5 Essential Patterns to Improve your Fingerpicking 

by Kevin Rossi

Are you looking for a way to bring some new life to those same old C, F and G chords? If you’re tired of simply strumming away and are looking to add a new essential skill to your playing, then fingerpicking is a great place to start!

But what exactly is fingerpicking? It might sound like just another name for strumming the uke with your pointer finger instead of a pick, but it’s not! Fingerpicking is the process of plucking or playing individual strings on the ukulele in quick succession – while still holding chords – instead of strumming all four strings at once. 

Today we are going to go over 5 essential patterns every uke player should know!

PIMA – Finger names 

Before we jump into the patterns, it’s important to understand what we call each finger on your picking hand (typically right) so you can follow along with the patterns described later. 

In fingerstyle ukulele (and guitar), instead of just calling our fingers things like thumb, index, middle, and ring (which would be TIMR), we use the letters P for thumb, I for index, M for middle, and A for ring finger. This may seem confusing, but we do it this way because this method is based on using the names from romance languages like Spanish (pulgar, indice, medio, and anular) or Italian (pollice, indice, medio, and anulare). 

You’ll notice some of the names are very similar to what they are in English, so it’s really just the P and A that you’ve got to wrap your head around!

Which Fingers go to Which Strings?

There are a few ways to assign fingers to strings when fingerpicking. First, let’s establish a common language/numbering system for strings. The standard tuning for an ukulele is G – C – E – A, with G being the string closest to your head, and A being the string closest to the floor. Typically, we number them from the floor up, so the A is 1, E is 2, C is 3, and G is 4. 

The two most common ways of arranging our fingers when we fingerpick are to:

  1. Give each finger its own string. P = 4, I = 3, M = 2, A = 1. 
  2. Assign the thumb (P) to both 4 and 3 (G and C), and then M to 2, and A to 1. 

Pattern #1

Ok, so the first pattern is about as straightforward as you can get. Using the method where each of the four fingers is assigned to one string, we will play the strings in order from 4 down to 1 and then back up to 3, and then repeat. 

Without any chords, this looks like this:





And for the fingers this would look like this:






Play this pattern once for each chord and then switch to the next chord. If this presents too much of a challenge, try playing it twice for each chord before switching. 


For this pattern, we will switch to the method where the thumb (P) is assigned to strings 4 (G) and 3 (C). For the first half of the pattern, play string 4 with P, then 2 with I, followed by 1 with M, and finally 2 with I again. Then for the second half, do the same, except play 3 with P instead of 4. It will look like this:

——– M——–M—–




This type of alternating thumb pattern is very popular and is sometimes referred to as “Travis Picking.” The notes and rhythms being played by the other fingers can change for Travis Picking, but the staple concept of this style is the alternating thumb acting almost as a bass player.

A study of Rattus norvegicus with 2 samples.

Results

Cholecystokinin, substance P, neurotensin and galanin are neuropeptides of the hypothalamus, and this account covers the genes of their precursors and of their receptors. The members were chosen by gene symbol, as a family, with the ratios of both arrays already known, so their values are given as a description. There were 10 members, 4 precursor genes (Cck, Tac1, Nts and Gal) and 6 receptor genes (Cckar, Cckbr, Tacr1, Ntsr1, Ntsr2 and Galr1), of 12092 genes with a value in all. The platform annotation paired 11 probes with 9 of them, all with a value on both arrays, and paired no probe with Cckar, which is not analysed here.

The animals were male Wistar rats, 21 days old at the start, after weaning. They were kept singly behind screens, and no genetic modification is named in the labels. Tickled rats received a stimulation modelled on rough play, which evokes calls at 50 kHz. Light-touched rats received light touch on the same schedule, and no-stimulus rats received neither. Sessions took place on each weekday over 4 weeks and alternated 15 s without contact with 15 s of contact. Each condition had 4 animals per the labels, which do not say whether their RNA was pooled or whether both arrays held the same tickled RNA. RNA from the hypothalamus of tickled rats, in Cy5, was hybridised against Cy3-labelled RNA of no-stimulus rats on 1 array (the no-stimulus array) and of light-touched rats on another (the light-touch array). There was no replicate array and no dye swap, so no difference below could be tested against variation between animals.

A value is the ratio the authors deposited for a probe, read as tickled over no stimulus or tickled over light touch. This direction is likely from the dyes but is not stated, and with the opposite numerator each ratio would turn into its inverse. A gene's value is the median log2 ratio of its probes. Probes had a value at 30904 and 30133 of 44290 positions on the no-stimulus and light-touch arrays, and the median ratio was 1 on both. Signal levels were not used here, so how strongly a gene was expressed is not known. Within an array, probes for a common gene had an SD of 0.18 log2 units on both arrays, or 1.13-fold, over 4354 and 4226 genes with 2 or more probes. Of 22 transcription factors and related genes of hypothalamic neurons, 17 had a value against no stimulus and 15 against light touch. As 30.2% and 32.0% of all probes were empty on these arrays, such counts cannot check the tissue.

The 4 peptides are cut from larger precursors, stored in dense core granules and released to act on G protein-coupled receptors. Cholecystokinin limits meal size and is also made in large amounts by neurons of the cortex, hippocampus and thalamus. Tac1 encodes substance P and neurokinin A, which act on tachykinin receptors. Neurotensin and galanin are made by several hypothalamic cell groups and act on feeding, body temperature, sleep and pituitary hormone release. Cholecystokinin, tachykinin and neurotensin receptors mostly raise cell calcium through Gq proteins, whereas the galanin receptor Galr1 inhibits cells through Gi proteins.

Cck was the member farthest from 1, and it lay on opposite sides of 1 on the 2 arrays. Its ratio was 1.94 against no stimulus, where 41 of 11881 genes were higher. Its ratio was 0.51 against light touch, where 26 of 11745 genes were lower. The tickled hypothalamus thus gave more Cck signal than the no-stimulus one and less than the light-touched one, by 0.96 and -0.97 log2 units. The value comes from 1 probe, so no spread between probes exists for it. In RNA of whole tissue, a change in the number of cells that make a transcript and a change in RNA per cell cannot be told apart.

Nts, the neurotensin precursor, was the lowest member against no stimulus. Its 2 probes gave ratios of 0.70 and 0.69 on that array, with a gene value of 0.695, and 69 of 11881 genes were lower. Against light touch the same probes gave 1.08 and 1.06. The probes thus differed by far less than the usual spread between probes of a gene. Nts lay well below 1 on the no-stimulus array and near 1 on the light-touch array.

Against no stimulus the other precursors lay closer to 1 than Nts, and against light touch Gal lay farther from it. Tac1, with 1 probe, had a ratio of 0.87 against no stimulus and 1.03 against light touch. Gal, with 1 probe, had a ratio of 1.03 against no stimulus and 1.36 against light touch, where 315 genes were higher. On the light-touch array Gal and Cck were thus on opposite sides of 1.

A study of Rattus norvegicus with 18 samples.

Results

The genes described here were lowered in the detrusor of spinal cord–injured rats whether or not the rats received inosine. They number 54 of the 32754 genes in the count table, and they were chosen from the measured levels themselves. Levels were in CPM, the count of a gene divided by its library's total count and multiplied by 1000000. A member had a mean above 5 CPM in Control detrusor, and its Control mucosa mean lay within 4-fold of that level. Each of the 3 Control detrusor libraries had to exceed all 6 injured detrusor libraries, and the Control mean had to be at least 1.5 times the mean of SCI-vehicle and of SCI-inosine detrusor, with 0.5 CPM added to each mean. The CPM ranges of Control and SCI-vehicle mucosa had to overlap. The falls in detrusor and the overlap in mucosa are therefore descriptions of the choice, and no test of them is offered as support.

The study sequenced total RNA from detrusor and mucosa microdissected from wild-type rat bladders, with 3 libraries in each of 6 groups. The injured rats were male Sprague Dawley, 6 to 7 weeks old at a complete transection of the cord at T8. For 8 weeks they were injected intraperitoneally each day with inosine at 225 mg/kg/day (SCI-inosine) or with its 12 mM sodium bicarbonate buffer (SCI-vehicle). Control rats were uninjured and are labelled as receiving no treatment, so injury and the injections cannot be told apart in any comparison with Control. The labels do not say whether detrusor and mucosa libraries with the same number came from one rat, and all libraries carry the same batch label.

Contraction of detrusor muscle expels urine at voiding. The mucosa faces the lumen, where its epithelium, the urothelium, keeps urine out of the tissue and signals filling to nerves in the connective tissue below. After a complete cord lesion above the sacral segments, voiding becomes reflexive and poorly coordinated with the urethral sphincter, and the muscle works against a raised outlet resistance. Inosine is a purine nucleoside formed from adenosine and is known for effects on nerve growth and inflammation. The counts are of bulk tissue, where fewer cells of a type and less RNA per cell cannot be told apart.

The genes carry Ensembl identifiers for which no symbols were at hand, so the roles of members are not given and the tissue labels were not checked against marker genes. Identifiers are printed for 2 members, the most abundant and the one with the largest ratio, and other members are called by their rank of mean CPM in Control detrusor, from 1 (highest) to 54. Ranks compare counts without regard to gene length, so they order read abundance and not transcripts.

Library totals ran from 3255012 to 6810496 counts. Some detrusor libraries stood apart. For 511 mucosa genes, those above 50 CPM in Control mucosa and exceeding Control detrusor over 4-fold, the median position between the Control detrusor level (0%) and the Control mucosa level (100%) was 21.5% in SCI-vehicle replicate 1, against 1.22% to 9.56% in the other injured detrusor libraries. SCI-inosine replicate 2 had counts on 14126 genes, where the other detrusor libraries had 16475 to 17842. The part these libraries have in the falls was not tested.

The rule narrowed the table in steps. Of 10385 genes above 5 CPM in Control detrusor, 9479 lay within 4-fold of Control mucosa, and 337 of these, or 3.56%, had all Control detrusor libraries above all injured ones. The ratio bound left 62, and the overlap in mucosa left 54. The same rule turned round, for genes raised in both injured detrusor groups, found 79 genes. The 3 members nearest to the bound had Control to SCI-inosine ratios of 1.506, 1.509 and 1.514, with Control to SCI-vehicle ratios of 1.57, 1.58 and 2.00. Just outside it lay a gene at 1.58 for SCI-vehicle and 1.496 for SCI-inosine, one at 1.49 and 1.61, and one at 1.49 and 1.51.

Again, try this pattern using the four chords listed above, switching chords after completing the pattern once or twice, or just play it with open strings to get the hang of it!

Pattern #3

Let’s go back to the first method, where each finger is assigned a separate string. This pattern is very similar to the first pattern, but will give your brain a nice challenge. 

We’ll start again by playing string 4 with P, but then we will skip string 3, and instead play string 2 with M. Now go back to string 3 and play it with I, before finishing off with string 1 played with A. 

——– ——-A–——-




This pattern is a bit shorter, so I would play it through twice for each chord before switching to the next chord. 

Pattern #4

And back again we go to an alternating thumb pattern. For this one, we will again start by striking string 4 with P, but will this time follow it by playing both string 2 and string 1 (with I and M respectively) at the same time. Then, we’ll play string 3 with P, followed again by both string 2 and 1 at the same time. 





To give this pattern a nice ¾ waltz sound, play strings 2 and 1 an additional time in between each thumb note.

Like this:





Pattern #5 

For our last pattern, we will return one final time to assigning each finger to its own string. This time however, we will keep the idea of playing two strings at the same time as we just did in pattern #4. To start, we will play strings 4 (P) and 1 (A) at the same time followed by string 3. Next, we play strings 4 (P) and 2 (M) together, followed again by string 3 (I).





This one will probably take a bit more practice, but it’s worth it!

As you begin to master the patterns in this lesson, feel free to start mixing and matching them and coming up with your own combinations and variations. You can even alternate between patterns when switching chords! For example, try playing patterns #1 and #3 back and forth, playing #1 on the first chord, and #3 on the second chord, and so on. 

For more lessons on chords, techniques, and songs to help you along on your own uke journey, make sure to check out our site We offer you a bunch of great ukulele content that comes hand-in-hand with an awesome ukulele community that will support you in this journey.